In Sundrawoti VDC, Dolakha, where I was visiting for monitoring purposes, the sweetness of Nepali people enveloped and held me. A group of staff from Nyayik Sansar and I had just finished inspecting a number of tomato tunnels. We then had sweet lemon tea and noodles on a rooftop overlooking green hills and puffy, white clouds. After this we went on to a community meeting where I used some rocks to explain how a value chain works.
The rain soon began as we were inspecting the tomato tunnel of Nanda, 34, and Bhagawati, 29, Regmi. The tunnel, like the others that we had inspected and like the Nepali people, was very strong with the infrastructure made out of thick pieces of bamboo. Nanda invited us into their kitchen as Bhagawati boiled water on top of a chulu making dudh chiya. Saraswati who at 14 is small for her age helped her mother to prepare the tea. Shiva, 6, sat next to his mom while the youngest Sarita, 3, entertained me by pulling multiple kirpani out of a knapsack, even smashing some, and then eating them. Nanda showed us his dhangro which he uses to “cure” people who are nervous and can’t sleep. Nanda’s mother was also in the cramped kitchen recounting her life story. The tea was served in metal cups and I was the only one who couldn’t hold this as it was too hot for my bideshi fingers. Although nobody else seemed bothered, as it started to monsoon we had to close the kitchen door causing smoke to irritate my eyes. After the rain stopped and we waved good-bye I took deep breaths trying to internally attach everything I had just experienced.
I had come to Sundrawoti for the third time in 2016, this time with Pradeep from Nyayik Sansar. The intent was for me to be able to see how the World Jewish Relief funded livelihood market focused project was moving forward. Nyayik Sansar is the local implementing partner having worked in this VDC prior to and directly after the 2015 earthquakes. Their focus had been on helping families to grow for nutritional purposes, providing youth and women’s empowerment opportunities and upgrading the skills of teachers. Nyayik Sansar is continuing to work with these various groups and are now also helping farmers to grow commercially, facilitating deeper connections to the various markets in the area.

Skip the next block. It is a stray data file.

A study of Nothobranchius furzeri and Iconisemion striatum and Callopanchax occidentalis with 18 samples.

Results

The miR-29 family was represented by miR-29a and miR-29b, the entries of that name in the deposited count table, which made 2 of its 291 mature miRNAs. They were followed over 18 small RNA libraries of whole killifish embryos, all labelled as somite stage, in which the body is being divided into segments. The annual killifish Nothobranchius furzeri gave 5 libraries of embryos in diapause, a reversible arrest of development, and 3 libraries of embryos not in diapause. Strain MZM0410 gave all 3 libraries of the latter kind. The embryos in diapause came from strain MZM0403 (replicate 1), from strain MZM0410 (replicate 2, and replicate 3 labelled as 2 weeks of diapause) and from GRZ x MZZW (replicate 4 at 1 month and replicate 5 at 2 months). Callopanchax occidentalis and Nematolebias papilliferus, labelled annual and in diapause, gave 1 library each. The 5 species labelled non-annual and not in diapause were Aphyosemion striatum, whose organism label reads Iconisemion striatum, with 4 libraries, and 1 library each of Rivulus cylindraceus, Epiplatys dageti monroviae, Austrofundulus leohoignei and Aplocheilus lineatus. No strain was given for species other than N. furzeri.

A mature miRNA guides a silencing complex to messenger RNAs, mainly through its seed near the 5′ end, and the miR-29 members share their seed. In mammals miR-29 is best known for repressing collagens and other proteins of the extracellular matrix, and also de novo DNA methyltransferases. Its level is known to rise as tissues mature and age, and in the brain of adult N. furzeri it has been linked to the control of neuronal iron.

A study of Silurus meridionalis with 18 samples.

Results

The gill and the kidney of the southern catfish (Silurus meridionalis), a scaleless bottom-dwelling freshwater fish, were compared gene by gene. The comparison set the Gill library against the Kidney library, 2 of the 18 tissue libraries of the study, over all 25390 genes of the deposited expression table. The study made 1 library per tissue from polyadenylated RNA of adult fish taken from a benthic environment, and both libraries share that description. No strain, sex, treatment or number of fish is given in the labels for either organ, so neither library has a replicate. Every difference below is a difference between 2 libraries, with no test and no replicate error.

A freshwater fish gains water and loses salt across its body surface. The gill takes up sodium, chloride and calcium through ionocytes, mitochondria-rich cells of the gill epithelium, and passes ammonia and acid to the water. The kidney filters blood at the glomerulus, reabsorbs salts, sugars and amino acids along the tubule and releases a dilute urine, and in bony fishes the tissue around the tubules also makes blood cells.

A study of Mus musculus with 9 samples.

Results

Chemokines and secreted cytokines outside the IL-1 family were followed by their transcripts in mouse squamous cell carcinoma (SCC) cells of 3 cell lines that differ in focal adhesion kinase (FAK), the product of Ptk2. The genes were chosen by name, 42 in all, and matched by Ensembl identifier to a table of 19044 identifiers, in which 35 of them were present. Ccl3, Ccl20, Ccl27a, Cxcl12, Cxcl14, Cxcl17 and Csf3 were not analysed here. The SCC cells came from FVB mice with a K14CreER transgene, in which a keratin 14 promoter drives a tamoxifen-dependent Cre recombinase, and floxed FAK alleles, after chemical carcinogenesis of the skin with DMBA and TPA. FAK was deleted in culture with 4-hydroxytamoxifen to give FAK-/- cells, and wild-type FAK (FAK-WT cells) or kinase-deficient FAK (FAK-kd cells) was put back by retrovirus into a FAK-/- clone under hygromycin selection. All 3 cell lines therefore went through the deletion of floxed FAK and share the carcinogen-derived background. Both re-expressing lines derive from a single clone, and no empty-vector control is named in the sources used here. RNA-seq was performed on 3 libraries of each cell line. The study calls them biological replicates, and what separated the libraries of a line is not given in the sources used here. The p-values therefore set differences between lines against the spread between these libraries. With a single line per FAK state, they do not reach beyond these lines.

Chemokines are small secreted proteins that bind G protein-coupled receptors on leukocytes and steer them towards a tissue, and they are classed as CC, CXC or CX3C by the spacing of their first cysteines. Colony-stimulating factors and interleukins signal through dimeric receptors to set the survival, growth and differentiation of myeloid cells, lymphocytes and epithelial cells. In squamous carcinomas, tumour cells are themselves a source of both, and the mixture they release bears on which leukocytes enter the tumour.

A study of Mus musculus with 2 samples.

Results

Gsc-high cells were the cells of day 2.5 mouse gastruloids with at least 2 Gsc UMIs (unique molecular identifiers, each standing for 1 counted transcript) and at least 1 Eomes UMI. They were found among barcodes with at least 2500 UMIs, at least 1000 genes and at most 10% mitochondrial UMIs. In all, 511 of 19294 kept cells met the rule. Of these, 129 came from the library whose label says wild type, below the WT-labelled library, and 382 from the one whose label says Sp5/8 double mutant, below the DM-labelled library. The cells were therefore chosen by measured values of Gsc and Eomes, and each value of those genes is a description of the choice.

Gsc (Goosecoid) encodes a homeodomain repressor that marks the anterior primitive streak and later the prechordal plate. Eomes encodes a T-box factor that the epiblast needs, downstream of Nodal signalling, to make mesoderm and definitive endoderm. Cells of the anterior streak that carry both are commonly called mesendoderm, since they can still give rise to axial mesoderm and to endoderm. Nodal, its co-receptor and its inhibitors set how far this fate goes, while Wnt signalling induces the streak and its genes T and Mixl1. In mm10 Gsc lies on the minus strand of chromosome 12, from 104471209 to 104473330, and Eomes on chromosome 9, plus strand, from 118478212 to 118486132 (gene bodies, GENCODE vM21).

I attended a number of community meetings with Nyayik Sansar staff discussing why it is vital to establish market systems and value chains. Overall community members were very enthusiastic about these ideas. This will hopefully lead to increasing people’s incomes resulting in being able to rebuild homes and having better access to health and educational opportunities. But the proof will come based upon quality production, establishing an agricultural cooperative and bringing product to collection points and markets.
It is vital that Nyayik Sansar is using sustainable modalities, i.e. value chains, for increasing income levels as they won’t be working in this VDC forever. However, the project targeted farmers and other community members must champion this and make it their own. But as one delves further into the community one can also see the various complicated issues that families face. These include caste disparities, children eloping, lower educational levels, a dearth of computers and lack of internet (although a shop with internet will soon be opening) and mostly men going abroad or to other parts of Nepal to work leaving women to do the farming and taking care of their children and their households.
There are however numerous possibilities. The community in which Nyayik Sansar is based, Katuachowr, has a dirt road, which is scheduled to be improved, with many buses and trucks passing through on their way to Sangati, Charikot and Kathmandu. There are a few hotels, restaurants and some shops. As Nyayik Sansar establishes a collection centre operated by an agricultural cooperative, this can have a huge impact through also running a retail shop, with traders and wholesalers coming to this site. Nyayik Sansar can help facilitate the development of Katuachowr through its integrated development approach. In the future based on production and participation by the wider community value added products, e.g. ginger candy and ketchup might also be produced, creating jobs and enabling families to further increase their incomes.
Another crop being grown as part of this project is ginger. After inspecting a number of fields all seemingly planted by and cared for by women, we were invited to have freshly picked cucumber dipped in noon krushani at one of the farmer’s homes. As we waved good-bye I once again breathed deeply.
On my last day in Katuachowr we held a meeting to choose people to participate in growing cauliflower. There were a number of women with small children, one of whom was 10 month old Bikash. We took to one another, he even peed all over my pants. As I hugged him good-bye he laid down on my shoulder as if I were a member of his family. In the evening I took a walk and laid down on some grass. An older husband and wife came over and we started chatting. They offered me kirpani and smiled. As I walked back to town I passed two young school girls. We greeted one another and they asked my name. One of the girls opened her backpack and took out some candy, telling me linu. My heart is so full from this visit and I can’t thank the people of Sundrawoti enough for just being who they are.